Edmonds CC ninth annual Community Read discusses global warming and climate change04/19/16
Edmonds Community College invites the community to read "Early Warming: Crisis and Response in the Climate-Changed North” along with its students. The book by Nancy Lord is its Edmonds CC Community Read selection for 2015-16.
Lord will come to campus to talk about her book 7 p.m., April 27, in the Black Box Theatre. She will be joined by Kurt Hoelting, author of “The Circumference of Home,” to help lead a discussion on global warming and climate change. The lecture is free and open to the public.
In “Early Warming,” the Alaskan Writer Laureate takes a cutting-edge look at how communities in the North — where global warming is amplified and climate-change effects are most immediate — are responding with desperation and creativity.
The narrative takes readers deep into regions where the indigenous people who face life-threatening change also demonstrate impressive conservation ethics and adaptive capacities. Underpinned by a long acquaintance with the North and backed with scientific and political sophistication, Lord's vivid account bring the challenges ahead into ice-water clarity.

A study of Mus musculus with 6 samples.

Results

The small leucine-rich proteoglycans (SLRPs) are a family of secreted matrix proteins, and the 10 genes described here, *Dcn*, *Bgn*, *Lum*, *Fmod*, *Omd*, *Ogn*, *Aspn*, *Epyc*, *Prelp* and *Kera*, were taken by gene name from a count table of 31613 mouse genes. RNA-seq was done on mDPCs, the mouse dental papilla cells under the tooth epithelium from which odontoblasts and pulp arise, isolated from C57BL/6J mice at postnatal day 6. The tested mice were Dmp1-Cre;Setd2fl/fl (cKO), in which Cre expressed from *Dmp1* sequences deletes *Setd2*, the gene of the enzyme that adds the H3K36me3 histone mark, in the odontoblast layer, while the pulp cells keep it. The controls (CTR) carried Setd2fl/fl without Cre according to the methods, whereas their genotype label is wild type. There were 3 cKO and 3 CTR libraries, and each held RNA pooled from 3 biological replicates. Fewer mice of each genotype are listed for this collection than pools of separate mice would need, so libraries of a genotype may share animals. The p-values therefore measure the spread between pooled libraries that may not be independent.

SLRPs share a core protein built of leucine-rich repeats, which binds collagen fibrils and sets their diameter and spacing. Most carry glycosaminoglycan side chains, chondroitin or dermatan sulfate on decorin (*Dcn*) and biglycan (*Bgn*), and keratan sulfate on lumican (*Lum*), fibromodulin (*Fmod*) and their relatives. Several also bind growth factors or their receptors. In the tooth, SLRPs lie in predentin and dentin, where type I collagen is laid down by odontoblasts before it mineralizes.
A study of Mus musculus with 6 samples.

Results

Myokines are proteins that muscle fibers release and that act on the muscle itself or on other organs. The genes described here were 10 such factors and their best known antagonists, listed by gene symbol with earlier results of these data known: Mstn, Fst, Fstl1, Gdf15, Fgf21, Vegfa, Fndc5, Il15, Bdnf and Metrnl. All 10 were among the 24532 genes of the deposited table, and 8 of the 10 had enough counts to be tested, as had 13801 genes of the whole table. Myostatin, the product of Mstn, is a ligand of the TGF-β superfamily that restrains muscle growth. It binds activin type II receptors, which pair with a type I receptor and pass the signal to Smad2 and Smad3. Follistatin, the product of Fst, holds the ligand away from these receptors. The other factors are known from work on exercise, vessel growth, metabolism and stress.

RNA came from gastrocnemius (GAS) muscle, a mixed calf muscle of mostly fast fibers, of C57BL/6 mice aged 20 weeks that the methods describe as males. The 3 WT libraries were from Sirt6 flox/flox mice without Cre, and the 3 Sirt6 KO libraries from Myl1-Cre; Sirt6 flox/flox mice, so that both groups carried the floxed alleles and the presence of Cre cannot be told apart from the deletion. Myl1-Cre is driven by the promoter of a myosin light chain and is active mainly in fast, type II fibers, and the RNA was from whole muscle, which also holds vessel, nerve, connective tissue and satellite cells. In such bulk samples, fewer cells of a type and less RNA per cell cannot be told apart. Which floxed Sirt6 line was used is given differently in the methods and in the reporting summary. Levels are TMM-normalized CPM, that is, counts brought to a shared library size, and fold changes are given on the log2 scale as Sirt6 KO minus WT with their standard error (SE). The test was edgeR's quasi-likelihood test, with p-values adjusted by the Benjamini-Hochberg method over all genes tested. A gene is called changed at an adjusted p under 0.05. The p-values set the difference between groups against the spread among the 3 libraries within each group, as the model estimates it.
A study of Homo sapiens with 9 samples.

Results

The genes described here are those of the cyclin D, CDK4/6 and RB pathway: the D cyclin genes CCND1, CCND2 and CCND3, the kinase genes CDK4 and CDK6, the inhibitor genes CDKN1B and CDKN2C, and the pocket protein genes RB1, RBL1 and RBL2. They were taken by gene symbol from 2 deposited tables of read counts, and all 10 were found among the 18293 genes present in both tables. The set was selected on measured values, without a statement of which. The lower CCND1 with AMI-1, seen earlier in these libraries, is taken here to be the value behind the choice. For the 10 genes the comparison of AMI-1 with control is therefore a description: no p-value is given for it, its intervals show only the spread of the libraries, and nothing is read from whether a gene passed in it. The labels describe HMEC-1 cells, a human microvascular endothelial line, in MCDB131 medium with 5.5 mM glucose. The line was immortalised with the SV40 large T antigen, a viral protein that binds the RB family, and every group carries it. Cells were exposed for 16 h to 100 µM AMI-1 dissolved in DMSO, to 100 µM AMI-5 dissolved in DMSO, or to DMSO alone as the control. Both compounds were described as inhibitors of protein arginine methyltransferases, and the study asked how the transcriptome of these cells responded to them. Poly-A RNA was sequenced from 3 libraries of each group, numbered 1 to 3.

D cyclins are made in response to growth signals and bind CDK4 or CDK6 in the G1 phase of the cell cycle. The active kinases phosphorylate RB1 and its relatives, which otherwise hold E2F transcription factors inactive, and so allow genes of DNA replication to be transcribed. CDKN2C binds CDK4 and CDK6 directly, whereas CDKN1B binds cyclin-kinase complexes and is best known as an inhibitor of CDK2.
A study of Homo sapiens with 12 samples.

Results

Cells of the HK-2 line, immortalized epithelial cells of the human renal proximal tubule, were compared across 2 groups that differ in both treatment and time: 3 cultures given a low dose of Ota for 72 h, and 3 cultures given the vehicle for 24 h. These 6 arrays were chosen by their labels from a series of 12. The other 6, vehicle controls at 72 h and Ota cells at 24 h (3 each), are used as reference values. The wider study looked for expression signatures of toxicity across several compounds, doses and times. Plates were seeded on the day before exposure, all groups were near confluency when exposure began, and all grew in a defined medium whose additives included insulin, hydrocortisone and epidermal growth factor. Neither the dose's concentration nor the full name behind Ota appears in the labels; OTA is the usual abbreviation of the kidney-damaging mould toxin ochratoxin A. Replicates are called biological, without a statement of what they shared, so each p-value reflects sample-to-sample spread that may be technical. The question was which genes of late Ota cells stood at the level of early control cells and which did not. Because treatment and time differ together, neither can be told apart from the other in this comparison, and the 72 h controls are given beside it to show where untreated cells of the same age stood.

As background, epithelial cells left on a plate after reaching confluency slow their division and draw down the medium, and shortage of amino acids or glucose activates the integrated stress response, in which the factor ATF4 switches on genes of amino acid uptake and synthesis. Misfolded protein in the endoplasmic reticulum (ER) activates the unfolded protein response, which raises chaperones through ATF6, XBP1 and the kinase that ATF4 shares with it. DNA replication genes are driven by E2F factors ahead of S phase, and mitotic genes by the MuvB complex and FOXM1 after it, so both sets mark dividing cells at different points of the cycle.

Lord is an award-winning author including fellowships from the Alaska State Council on the Arts and the Rasmuson Foundation, a Pushcart Prize, and a number of artist residencies. Her work has appeared in many magazines, journals, and anthologies, including “Best Spiritual Writing.”
Among her published books are three collections of short stories and five works of literary nonfiction, including the memoir “Fishcamp” and the cautionary “Beluga Days.” She most recently edited the anthology “Made of Salmon: Alaska Stories From The Salmon Project,” due out this spring.
For Edmonds Community College students, the book read is also a scholarship opportunity. Students who read the book and submit a project inspired by it may apply for a scholarship that covers spring quarter tuition.
The Community Read was created to build community through a common intellectual experience; promote literacy across the campus and community through the adoption of thoughtful, noteworthy works of literature or scholarship; offer instructors an opportunity to invigorate curriculum with vital issues and great ideas; and enrich the lives of students, employees, and the community of south Snohomish County.
Previous Edmonds CC Community Read books are “You’ve Got it All Wrong,” by the students of Scriber Lake High School; “The Immortal Life of Henrietta Lacks,” by Rebecca Skloot; "Hotel on the Corner of Bitter and Sweet," by Jamie Ford; “The Big Burn,” by Timothy Egan; “The Boy Who Harnessed the Wind,” by William Kamkwamba and Bryan Mealer; “Banana: The Fate of the Fruit that Changed the World,” by Dan Koeppel; “Middle Passage,” by Charles Johnson; and “Zaatar Days, Henna Nights, Adventures, Dreams, and Destinations Across the Middle East,” by Maliha Masood.
Reserve your ticket to ensure your seat at www.BlackBoxEdCC.org.